A braggy friend bombards you with her wins, good news and achievements. Is her life really golden — or are you being success bombed?

Alexandra Bowman

Sheesh! I dread answering her calls.

Don’t get me wrong. I’m all for seeing any sister win. And I’ve got my own good stuff going on, so this isn’t coming from a place of jealousy. But the constant “I’m so great” spiels are annoying. Not to mention, when I share positive news, she immediately jumps in with some fantastic thing about her life.

I recently learned my friend’s endless bragging is known to some as “success bombing.” And although most people who do it aren’t aware they’re doing it (they think they’re simply sharing good news), this habit can negatively affect friendships and other relationships.

What is success bombing?

It’s exactly what it sounds like: when someone continuously bombs others with news of their achievements. You’re likely being bombarded when …

  • The person typically initiates the convo with a flex.
  • The person either doesn’t ask how you’re doing or doesn’t provide enough of an opening to fully reply.
  • Their “news” doesn’t stop at one positive event but is instead a laundry list of giddy updates.
  • If you offer positive news yourself, instead of taking time to celebrate with you, they counter or even one-up with impressive news of their own.

Most of the time, when people go overboard bragging, it’s rooted in insecurity or low self-esteem, says Jameca Woody Cooper, Ph.D., a licensed psychologist and owner of Emergence Psychological Services in Saint Louis, Missouri. “If a person feels they are inadequate or feel like they’re lacking something … or they don’t have the most education or the most (fill in the blank), they could be insecure about it,” she says. Some people’s way of trying to boost themselves up is by bragging excessively about their successes, she says.

How to deal with it

If it’s someone you don’t cross paths with often or you know they don’t take feedback well, you could approach success bombing indirectly. “When they do it, change the topic of the conversation,” says Dr. Woody Cooper. You could also appear uninterested or unmoved by the bragging. “People typically don’t continue the same behaviors unless they’re reinforced, so if you don’t give them the validation they’re seeking, they will reduce or cease to do it,” Dr. Woody Cooper explains.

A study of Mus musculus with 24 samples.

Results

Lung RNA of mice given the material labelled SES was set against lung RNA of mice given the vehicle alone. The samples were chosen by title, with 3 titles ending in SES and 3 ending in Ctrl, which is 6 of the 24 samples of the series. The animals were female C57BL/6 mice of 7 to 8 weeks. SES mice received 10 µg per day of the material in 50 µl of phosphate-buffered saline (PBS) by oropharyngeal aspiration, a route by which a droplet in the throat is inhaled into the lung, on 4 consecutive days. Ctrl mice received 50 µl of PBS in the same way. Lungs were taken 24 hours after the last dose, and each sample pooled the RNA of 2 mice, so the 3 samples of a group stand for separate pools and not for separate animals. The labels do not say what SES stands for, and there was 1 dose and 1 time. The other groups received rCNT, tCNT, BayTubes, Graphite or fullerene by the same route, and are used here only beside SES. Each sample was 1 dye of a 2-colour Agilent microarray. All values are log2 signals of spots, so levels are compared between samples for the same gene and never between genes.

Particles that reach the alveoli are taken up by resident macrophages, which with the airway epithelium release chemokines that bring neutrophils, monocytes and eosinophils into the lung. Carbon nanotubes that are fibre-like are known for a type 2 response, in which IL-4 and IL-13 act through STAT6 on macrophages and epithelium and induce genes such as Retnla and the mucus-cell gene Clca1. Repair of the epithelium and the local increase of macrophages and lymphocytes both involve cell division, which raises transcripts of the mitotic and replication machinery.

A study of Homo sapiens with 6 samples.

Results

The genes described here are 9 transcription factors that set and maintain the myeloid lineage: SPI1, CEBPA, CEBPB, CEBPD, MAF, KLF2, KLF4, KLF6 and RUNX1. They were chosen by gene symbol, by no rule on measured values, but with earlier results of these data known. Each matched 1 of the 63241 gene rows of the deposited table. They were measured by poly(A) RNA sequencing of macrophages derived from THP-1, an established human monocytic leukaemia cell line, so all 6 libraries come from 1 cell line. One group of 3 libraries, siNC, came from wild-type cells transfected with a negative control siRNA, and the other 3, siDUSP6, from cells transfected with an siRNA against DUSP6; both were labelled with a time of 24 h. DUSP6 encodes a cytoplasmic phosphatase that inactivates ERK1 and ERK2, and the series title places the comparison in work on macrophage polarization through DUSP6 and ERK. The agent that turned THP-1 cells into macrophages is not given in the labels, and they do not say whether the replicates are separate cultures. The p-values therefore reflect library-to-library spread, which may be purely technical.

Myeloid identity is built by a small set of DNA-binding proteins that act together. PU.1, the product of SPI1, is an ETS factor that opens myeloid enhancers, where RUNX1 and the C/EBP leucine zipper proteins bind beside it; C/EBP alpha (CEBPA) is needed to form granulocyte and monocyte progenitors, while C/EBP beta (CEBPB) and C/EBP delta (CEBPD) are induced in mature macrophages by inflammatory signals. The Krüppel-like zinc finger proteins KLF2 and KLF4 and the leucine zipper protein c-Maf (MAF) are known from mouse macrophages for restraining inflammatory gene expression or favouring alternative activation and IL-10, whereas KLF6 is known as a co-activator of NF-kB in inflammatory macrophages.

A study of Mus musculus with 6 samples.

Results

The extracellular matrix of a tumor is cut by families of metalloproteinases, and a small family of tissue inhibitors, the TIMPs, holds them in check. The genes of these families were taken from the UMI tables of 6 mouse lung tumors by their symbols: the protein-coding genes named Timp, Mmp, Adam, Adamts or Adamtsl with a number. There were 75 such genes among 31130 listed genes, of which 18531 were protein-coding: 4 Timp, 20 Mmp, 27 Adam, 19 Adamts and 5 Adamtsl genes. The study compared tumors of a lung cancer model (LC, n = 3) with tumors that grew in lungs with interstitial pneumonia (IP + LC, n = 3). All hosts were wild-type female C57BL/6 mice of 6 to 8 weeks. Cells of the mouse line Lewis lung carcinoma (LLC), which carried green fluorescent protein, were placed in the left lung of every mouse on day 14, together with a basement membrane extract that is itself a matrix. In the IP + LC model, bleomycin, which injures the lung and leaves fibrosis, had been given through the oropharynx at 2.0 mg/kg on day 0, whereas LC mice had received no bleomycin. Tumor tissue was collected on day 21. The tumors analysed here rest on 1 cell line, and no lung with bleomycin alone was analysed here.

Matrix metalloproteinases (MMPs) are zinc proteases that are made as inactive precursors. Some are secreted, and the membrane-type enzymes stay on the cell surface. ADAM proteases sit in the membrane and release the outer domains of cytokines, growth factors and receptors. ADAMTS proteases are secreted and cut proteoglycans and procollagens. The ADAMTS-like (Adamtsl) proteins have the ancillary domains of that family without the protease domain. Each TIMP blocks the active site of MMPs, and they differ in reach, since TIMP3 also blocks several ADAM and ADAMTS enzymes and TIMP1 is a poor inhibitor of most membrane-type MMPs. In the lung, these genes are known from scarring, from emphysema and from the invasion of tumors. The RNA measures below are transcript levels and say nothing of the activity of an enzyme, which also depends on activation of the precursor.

Now, we all know some folks won’t get the message or they’ll think you’re hating. In those cases, keep being indirect or limit the time spent with that person.

When the success bomber is someone you’re close to or have to be around often, Dr. Woody Cooper recommends being direct. “Telling them is going to help them and you,” she says. After all, bragging is off-putting to most people. Plus, if said person slows their roll, it can reduce your frustration with them.

Pull the boaster aside and give honest feedback. Dr. Woody Cooper says you might try something like: “Hey, I’ve noticed when we’re together, you mostly talk about your accomplishments.” Or, with someone like my friend, say, “Although I’m happy so many things are going well in your life, I feel bad and like you’re dismissing me when I try to share good news and you cut me off to say something about yourself.”

Hopefully the friend will understand and make some changes. If not, try the indirect strategies like switching the subject or not giving much attention when they go into one of their “awesome me” conversations. If none of that works, “you’ll have to either keep pushing until you get them to modify their behavior or you’ll have to ultimately accept it if you want a relationship with the person,” says Dr. Woody Cooper.

Of course, if you’re over the incessant bragging altogether, it may be time to think about distancing yourself. Otherwise, anytime you’re around that individual, there will be conflict or you’ll be annoyed, which isn’t time well spent, says Dr. Woody Cooper.

This I know. Although I talked to my friend about her success bombing a few times, it continues. For me, her constant self-congratulations (and selfishness) are mentally exhausting, so I’ve taken a step back from the friendship.